Tuesday, September 23, 2014
HIGI Day: Computer Programming
"How I Got Into..." my habits and pastimes
- Fall 1986: My parents purchase Zork I for our monochrome 8086. I spent every evening after first grade classes playing the game, occasionally getting stuck.
- 1987: I decide to get into the game-writing business, and write my first text adventure in the arcane programming language called "WordPerfect 4.2". My parents patiently explain that writing the transcript of a game session in a word processor isn't sufficient for an actual game.
- 1987: My parents introduce me to the version of GW-BASIC bundled with MS-DOS 3.2 and how it can be used to write games. Every subsequent birthday for many years would include one of those books full of programs that you could type into the computer.
- 1987 - 1990: I wrote a trilogy of bad text adventures, Zendof, The Sword of Tholin, and Perils of Replocian, in GW-BASIC, featuring puzzles lifted from other Infocom games and Invisiclues hintbooks printed on a dot matrix printer.
- 1994: At the request of Jack Wilmer, to bug his little sister, Julie, I learned how to code MS-DOS Batch files. After he installed my file, the computer would insult her every time she tried to play Eco-Quest: The Search for Cetus.
- 1996: My parents encourage me to have a sensible backup major because music won't make any money, so I go to Virginia Tech with a double major in Music and CS.
- 1996: My first programming class is in C++, and one of the assignments asks us to process shipping packages with three possible attributes (like overnight, extra bulky, and insured). My solution of assigning each attribute the numbers 1, 2, and 4, and then being able to tell which attributes are set based on the range 0-7 is called out in class as being "quite clever" by the Irish professor -- apparently I also invented binary addition.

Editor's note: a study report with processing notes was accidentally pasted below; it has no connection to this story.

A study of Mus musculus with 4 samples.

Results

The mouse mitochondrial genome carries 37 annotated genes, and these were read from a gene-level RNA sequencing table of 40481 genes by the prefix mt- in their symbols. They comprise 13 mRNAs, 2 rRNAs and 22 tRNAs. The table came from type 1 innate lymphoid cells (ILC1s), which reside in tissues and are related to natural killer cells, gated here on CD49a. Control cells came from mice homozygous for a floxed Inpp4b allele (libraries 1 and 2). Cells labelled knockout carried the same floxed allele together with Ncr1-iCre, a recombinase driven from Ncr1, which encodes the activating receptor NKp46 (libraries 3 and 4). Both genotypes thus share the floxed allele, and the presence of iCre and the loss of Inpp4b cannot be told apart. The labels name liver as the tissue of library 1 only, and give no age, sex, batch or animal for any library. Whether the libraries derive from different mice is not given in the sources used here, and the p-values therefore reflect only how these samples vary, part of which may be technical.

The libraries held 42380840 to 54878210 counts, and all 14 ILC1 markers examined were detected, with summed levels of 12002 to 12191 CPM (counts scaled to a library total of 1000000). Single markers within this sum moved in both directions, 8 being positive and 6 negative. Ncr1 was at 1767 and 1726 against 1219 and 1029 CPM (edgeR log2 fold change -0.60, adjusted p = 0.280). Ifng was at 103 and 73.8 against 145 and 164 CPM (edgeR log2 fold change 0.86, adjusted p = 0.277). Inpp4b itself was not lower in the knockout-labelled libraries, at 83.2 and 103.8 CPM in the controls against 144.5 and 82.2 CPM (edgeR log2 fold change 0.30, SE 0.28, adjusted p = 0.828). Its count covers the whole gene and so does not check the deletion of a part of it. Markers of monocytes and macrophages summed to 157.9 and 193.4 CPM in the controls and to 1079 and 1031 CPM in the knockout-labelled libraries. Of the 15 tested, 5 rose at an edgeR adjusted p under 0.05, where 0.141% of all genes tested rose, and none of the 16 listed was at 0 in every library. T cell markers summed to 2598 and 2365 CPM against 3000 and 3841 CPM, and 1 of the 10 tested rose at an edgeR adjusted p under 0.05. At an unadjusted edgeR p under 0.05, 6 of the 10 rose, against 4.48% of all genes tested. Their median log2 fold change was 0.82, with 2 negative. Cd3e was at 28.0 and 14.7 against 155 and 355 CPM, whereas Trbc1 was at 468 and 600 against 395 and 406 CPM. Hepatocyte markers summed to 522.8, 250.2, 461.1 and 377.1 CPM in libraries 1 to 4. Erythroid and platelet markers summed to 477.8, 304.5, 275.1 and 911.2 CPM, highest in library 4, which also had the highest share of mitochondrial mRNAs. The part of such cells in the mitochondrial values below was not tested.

- 1997 - 1999: All subsequent programming classes are in Java 1.3, because it's a hip technology. No one is good at teaching object-oriented programming yet, so we spend a lot of class time in group projects creating triangles and squares on a canvas. That assclown, Shane, borrows my Java book at the end of the semester and then never returns it, denying me $4 in sellback profit.
- 1999 - 2000: I write a real text adventure called Augmented Fourth in the Inform 6 language, which has more square braces and semicolons than the emoticons in an AOL IM convo.
- 2000: I grow disillusioned with the personalities in my CS classes and decide to go to grad school for music.
- 2002: After two summers of interning at a company with a minimum of CS personalities, I decide to stop my music education and go into computer programming full time.
- 2003: I plunge into computer programming full-time, doing mostly Java work.
- 2009 - 2011: My work morphs from 100% programming into a mulatto blend of programming, data standards, and translating programmers' thoughts for manager consumption.
- 2010: I become an open-source developer as an outlet for the lack of programming I do at work. Programming is obviously in my BLOOD.
- 2012: I spend a year doing zero programming while being a tech lead on a dangerously political government data standard where 10% of the work has technical acumen and the other 90% is dodging political sniping. I spend an exorbitant amount of time in an edit war on its Wikipedia page, where the standard's detractors try to change the verb tenses to past tense in order to convince the brass that the standard is obviously dead ("Wikipedia says so.")
- 2013: The standard actually does die, and I go back to my mulatto-blend job.
- Today: I have been at the same company since I started interning there in 2000. I'm currently responsible for the transition of a legacy WebLogic JavaEE enterprise service to open-source technologies, which is exactly what I was doing in 2006. I supplement this dearth of interesting work with lots of online coursework, new languages, and continued open-source development. I have not composed a song longer than one minute in length since December 2011.